Special Report

10 Tips to Get the Most Out of Your Social Security Income

Planning your retirement is an exciting yet daunting task. Despite a lifetime of work, however, many are financially unprepared for retirement: 49% of those ages 55 to 66 had no personal retirement savings in 2017, according to the U.S. Census Bureau’s Survey of Income and Program Participation. Those who are unprepared will have to rely on Social Security benefits in retirement, and they need to know what the tax implications are.

24/7 Wall St. created this list of information about the taxability of Social Security income and other financial advice related to Social Security based on the report Is Social Security Income Taxable? produced by financial technology company SmartAsset.

State and local taxes can have a profound impact on retirees. Income taxes on Social Security retirement benefits and retirement account withdrawals vary widely from state to state. There also are considerable differences between the property and sales tax rates across the country. (Here are states with the highest and lowest property taxes.)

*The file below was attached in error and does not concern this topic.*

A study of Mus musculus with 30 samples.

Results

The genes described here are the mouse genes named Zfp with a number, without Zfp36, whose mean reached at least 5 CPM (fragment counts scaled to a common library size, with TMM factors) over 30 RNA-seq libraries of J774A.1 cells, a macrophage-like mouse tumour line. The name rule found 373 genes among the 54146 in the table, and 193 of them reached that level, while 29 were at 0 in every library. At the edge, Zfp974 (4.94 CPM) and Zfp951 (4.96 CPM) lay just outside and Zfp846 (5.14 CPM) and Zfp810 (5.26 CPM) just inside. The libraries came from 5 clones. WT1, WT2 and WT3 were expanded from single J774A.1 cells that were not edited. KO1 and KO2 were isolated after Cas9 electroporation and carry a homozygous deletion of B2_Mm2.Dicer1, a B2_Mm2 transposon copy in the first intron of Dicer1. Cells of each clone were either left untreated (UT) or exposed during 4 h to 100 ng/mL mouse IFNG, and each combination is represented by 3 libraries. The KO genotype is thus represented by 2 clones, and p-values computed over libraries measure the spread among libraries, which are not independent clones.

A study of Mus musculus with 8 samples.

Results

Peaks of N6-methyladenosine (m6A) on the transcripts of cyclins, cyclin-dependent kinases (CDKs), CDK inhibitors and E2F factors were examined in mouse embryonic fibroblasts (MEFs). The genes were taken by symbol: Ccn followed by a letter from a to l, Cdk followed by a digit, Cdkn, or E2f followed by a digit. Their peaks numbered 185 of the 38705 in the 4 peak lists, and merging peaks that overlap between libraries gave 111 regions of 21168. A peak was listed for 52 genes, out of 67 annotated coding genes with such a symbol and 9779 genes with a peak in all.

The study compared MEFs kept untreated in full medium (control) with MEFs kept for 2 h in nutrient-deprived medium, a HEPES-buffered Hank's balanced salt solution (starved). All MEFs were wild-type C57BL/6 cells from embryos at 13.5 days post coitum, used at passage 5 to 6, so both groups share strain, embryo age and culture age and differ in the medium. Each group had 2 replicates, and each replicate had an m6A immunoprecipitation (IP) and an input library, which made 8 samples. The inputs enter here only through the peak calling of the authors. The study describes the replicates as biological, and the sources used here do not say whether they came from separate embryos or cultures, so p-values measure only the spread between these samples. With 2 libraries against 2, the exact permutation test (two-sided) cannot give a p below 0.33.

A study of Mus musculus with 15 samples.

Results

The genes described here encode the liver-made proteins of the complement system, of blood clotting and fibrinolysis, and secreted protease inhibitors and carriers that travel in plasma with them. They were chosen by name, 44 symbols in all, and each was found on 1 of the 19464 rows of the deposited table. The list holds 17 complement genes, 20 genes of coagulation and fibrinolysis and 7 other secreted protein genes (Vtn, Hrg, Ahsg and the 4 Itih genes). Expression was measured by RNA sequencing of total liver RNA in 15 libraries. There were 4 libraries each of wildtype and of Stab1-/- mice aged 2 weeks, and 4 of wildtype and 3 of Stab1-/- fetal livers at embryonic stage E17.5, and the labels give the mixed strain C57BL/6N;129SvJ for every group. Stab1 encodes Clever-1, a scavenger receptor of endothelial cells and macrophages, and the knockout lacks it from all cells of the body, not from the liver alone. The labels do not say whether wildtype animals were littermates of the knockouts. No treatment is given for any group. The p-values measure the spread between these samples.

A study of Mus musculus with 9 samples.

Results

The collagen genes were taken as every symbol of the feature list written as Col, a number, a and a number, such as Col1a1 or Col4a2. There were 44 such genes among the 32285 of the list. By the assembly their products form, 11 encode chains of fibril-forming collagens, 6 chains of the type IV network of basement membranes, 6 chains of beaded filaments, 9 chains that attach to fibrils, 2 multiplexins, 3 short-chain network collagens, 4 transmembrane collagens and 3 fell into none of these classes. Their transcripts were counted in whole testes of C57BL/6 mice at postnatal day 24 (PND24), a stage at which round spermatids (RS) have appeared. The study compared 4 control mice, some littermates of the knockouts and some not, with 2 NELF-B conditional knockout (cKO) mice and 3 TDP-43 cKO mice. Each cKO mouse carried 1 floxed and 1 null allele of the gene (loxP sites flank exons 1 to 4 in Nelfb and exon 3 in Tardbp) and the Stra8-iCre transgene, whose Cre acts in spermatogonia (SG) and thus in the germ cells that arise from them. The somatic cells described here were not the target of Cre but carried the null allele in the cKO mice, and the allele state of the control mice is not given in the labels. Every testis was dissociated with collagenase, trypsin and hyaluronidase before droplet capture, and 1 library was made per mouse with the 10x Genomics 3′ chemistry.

Taxes that retirees pay can vary greatly depending on where they live. Wyoming has no state income tax and low sales and property taxes, so retirees in Wyoming can expect to have a  small tax bill. In contrast, Nebraska taxes all retirement income and has high property tax rates. The total tax bill for a retiree in such a state could be thousands of dollars higher. (Here are where people pay the most of their income in state taxes.)

Click here to see if your social security income is taxable.